St. Catharines university students gear up for Orange Shirt Day


Published September 27, 2022 at 10:10 am

Hadiyaˀdagénhahs First Nations, Métis and Inuit Student Centre Student Advisor Brendan Burke (left), and Peer Assistants Evelyn Dilworth (centre) and Kaitlyn Austin put on their orange shirts to prepare for a variety of events that will recognize the multigenerational legacy of the residential school system in Canada. (Photo: Brock University)

Things are going to get very orange on the Brock University’s St. Catharines and Thorold campuses this Friday.

Cindy Biancaniello, the Director of Brock’s newly renamed Hadiyaˀdagénhahs First Nations, Métis and Inuit Student Centre, is hoping people will participate in the many events and displays at the University throughout the final week of September to recognize the multigenerational legacy of the residential school system in Canada.

That means she would love to see a Sea of Orange on September 30.

“We have an obligation to honour those children who didn’t survive Indian residential schools and to recognize those who did,” Biancaniello told the Brock News. “We also have to be mindful that those survivors live with trauma, and the impact it carries is passed down for generations.”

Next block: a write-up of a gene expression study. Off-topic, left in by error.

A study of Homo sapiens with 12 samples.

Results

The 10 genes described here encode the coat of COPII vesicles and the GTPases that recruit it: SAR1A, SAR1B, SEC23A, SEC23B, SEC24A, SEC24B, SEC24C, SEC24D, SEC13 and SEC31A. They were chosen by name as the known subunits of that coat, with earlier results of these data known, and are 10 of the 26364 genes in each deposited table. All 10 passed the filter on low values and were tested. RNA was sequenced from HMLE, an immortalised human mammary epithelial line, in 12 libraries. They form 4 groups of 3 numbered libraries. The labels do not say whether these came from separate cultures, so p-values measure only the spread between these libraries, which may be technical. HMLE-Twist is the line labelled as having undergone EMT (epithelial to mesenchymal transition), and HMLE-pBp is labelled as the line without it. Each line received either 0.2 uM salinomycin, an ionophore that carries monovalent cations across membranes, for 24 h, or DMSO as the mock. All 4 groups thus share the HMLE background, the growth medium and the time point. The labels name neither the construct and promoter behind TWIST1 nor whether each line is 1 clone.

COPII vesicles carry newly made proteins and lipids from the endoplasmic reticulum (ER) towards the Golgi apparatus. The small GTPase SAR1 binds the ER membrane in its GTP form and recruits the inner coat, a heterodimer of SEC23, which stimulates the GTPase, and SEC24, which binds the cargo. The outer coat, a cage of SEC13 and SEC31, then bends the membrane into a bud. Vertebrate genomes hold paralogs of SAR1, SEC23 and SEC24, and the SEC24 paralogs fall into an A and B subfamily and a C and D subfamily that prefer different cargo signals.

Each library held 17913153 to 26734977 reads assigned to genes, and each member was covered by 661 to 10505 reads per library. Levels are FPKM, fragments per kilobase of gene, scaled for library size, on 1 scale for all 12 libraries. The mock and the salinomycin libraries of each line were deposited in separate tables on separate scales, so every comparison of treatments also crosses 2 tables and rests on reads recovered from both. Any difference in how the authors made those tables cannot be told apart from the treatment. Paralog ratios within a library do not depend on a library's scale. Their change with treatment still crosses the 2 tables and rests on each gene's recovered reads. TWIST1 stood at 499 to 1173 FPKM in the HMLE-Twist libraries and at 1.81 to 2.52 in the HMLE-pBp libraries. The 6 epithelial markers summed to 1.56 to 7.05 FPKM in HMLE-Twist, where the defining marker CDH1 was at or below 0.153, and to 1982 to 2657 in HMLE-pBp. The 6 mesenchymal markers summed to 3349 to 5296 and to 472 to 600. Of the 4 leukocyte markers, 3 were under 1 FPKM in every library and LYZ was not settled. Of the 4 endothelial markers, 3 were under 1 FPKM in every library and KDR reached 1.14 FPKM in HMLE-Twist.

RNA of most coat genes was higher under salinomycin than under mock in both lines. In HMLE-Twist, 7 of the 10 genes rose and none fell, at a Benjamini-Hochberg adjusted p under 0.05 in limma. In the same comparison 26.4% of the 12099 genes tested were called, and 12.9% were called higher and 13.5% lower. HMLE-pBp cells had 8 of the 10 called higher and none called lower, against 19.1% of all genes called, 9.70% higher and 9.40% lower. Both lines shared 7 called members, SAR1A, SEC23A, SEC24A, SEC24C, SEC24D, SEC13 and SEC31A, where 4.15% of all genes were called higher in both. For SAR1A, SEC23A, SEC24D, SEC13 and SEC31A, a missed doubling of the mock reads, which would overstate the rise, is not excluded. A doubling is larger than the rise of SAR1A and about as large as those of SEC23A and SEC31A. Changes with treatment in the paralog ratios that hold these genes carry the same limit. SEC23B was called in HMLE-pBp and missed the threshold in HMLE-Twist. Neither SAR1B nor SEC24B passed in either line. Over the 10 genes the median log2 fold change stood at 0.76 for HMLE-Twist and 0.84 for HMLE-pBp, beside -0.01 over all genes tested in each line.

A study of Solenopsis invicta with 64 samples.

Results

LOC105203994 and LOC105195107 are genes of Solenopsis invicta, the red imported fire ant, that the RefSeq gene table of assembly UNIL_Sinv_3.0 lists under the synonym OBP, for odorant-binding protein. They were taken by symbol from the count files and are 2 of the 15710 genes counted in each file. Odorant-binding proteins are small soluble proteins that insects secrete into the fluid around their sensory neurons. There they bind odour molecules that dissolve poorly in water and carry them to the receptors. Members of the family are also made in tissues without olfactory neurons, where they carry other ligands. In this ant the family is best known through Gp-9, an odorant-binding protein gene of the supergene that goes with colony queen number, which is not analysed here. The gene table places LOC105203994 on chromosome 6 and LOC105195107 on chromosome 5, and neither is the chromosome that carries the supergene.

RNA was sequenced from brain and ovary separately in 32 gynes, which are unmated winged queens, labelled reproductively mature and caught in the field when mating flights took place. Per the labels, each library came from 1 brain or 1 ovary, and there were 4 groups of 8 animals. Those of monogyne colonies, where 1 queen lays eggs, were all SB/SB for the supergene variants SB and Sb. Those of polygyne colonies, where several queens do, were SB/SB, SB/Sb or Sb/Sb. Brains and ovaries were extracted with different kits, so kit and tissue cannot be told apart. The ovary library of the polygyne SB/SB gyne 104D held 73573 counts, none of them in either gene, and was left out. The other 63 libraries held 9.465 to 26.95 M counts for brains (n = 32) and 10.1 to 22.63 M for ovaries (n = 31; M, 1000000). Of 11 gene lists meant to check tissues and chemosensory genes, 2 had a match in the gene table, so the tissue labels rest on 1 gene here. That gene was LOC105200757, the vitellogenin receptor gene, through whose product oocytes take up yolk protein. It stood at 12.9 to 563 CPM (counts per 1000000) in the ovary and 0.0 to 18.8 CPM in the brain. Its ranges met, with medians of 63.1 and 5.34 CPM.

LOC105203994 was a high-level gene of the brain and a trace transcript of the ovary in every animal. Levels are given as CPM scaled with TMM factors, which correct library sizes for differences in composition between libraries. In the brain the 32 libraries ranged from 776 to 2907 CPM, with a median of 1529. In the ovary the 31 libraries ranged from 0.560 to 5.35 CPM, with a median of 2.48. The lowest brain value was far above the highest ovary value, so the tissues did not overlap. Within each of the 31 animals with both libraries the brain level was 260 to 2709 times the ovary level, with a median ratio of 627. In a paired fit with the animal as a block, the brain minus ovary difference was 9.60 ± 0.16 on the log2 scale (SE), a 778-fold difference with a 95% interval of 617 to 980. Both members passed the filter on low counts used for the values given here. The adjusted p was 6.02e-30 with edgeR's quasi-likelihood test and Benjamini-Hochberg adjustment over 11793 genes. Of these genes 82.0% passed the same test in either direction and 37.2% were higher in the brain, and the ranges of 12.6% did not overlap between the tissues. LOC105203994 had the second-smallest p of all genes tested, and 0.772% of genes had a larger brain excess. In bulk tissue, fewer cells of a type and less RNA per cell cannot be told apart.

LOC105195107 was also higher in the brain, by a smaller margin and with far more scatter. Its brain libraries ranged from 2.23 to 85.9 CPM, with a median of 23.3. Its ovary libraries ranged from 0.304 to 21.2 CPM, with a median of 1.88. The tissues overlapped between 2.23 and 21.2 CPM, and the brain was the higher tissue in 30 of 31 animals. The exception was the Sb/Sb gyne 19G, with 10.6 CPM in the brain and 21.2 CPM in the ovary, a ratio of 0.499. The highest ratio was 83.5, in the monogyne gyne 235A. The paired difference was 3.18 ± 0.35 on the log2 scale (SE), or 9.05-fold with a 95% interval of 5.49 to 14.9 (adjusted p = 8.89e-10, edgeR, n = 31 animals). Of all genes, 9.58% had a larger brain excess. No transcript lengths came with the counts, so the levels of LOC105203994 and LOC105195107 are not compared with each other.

Through taking the time to remember, Biancaniello says everyone who engages with the events will be able to share knowledge and history that was forcibly hidden away in the past.

“Cultural traditions that were once endangered are now being revitalized and strengthened, and there is a great opportunity for non-Indigenous people to learn Indigenous ways of knowing,” she added.

The school has a busy week planned.

Today (Sept. 27) will see Brock’s Acting Vice-Provost, Indigenous Engagement Robyn Bourgeois host a launch event for local author Patty Krawec’s book Becoming Kin from 7 to 9 p.m. at Silver Spire United Church in downtown St. Catharines.

Also led by Bourgeois, the University’s Decolonial Reading Circle (DRC) will hold a virtual information session on Wednesday, Sept. 28 at 6:30 pm.

Participants will learn about the DRC’s plans to explore the National Inquiry into Missing and Murdered Indigenous Women and Girls and to host discussions with Indigenous creators.

And, of course, Friday (Sept. 30) will be a non-instructional day observed at Brock in honour of the National Day for Truth and Reconciliation. The Schmon Tower will be illuminated in orange in the evening, and those wishing to mark the day are invited to wear orange shirts, visit the heart garden in front of the Rankin Family Pavilion.